The root parasite Aphanomyces euteiches is the main pathogen of pea in Europe and is also an important limiting factor of alfalfa production in USA. Since no chemical control is available against A...


Meeting 2014
TULIP 2014 Meeting will be a milestone in the LabEx life. Both in continuity with previous ones, it will gather the scientific communitie of its different partners, this event will also host the me...


A.Thaliana
If climate change seems inevitable, we can at least anticipate its impact on ecosystems. This is in line with the research of Fabrice Roux who recently created a new group in the labex TULIP (see l...


Chabot
Understanding the ability of species to shift their distribution ranges in response to climate change is crucial for conservation biologists and resources managers. Although freshwater ecosystems i...



Because of an increasing world population, humanity faces multiple challenges. Among them, supplying enough food and improving land and water uses are without any doubt main priorities. The Laboratory of Excellence (Labex) TULIP is involved at a scientific level in these priorities, providing a perspective and a workforce of more than 400 scientists of various statuses, on a subject that gets more worrying each day.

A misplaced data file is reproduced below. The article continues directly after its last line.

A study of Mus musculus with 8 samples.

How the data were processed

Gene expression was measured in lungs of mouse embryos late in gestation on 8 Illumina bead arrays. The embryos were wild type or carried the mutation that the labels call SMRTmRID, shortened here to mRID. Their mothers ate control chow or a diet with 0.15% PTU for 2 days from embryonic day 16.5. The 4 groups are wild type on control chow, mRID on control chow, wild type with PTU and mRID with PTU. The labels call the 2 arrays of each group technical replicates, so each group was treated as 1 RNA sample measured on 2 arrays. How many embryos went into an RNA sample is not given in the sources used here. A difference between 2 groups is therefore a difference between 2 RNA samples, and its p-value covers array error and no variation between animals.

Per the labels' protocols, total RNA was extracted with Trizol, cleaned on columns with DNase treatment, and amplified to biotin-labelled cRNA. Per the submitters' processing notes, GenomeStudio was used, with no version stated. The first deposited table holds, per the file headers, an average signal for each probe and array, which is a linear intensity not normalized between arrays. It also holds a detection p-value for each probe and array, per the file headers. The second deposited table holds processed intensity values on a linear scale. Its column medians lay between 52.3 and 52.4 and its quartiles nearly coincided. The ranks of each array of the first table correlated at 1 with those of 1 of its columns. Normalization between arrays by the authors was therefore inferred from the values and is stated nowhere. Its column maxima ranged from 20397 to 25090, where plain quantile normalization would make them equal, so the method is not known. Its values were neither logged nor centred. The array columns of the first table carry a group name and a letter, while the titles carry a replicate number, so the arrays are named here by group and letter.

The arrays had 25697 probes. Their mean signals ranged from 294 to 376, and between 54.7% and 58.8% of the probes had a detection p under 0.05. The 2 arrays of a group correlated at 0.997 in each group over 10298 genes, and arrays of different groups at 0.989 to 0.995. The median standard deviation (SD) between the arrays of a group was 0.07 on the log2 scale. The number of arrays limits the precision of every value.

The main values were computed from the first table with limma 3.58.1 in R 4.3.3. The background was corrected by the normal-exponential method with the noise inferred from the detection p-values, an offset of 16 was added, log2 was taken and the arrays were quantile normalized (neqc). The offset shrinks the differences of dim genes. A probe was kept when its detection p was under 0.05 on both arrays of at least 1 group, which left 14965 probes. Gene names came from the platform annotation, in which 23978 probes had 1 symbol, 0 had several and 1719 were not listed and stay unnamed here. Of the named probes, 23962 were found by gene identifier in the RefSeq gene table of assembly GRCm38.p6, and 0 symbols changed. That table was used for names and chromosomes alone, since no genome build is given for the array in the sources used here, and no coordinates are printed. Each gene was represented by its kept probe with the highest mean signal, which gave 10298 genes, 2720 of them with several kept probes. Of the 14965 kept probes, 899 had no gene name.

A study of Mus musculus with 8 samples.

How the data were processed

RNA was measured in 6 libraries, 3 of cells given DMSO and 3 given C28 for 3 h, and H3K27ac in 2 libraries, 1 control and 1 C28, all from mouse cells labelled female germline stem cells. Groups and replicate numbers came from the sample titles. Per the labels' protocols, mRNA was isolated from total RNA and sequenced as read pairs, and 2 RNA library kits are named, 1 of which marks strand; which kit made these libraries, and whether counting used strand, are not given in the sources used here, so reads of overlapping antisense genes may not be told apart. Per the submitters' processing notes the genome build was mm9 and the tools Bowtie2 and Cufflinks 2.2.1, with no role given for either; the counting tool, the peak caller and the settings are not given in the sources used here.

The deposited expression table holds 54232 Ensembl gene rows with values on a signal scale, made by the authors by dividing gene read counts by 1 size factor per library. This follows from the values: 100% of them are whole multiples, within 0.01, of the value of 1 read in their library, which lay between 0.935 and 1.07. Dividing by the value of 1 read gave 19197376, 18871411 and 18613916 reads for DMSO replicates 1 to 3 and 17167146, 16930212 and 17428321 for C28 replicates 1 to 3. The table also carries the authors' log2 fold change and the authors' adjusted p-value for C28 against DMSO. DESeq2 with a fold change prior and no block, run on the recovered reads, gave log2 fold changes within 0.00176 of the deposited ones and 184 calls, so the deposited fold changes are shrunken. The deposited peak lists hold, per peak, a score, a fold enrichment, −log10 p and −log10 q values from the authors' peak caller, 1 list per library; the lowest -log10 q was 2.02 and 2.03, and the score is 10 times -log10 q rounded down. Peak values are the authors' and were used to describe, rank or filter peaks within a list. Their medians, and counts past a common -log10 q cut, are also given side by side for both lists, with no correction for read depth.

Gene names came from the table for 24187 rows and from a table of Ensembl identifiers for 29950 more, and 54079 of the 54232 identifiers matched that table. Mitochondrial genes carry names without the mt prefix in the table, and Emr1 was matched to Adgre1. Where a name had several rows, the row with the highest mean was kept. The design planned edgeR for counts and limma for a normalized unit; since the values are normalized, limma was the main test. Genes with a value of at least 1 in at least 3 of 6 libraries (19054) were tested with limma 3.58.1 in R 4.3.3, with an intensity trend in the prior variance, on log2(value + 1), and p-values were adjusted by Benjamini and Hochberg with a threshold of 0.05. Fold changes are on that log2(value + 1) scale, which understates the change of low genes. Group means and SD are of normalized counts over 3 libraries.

The TULIP Labex develops a comprehensive theory of the interactions between living organisms in order to study their ability to adapt to environmental changes. Based on complementary approaches combining microbe, plant or animal specialists, on large scale experimental models, coupled with theoretical approaches, researchers hope to predict resource evolution and, on the long term, provide solutions to problems that will impact us shortly.


As concrete examples, the TULIP LabEx project elaborates new environmentally friendly fertilizers as well as genetically improved plant species to make them more resistant to pests and diseases.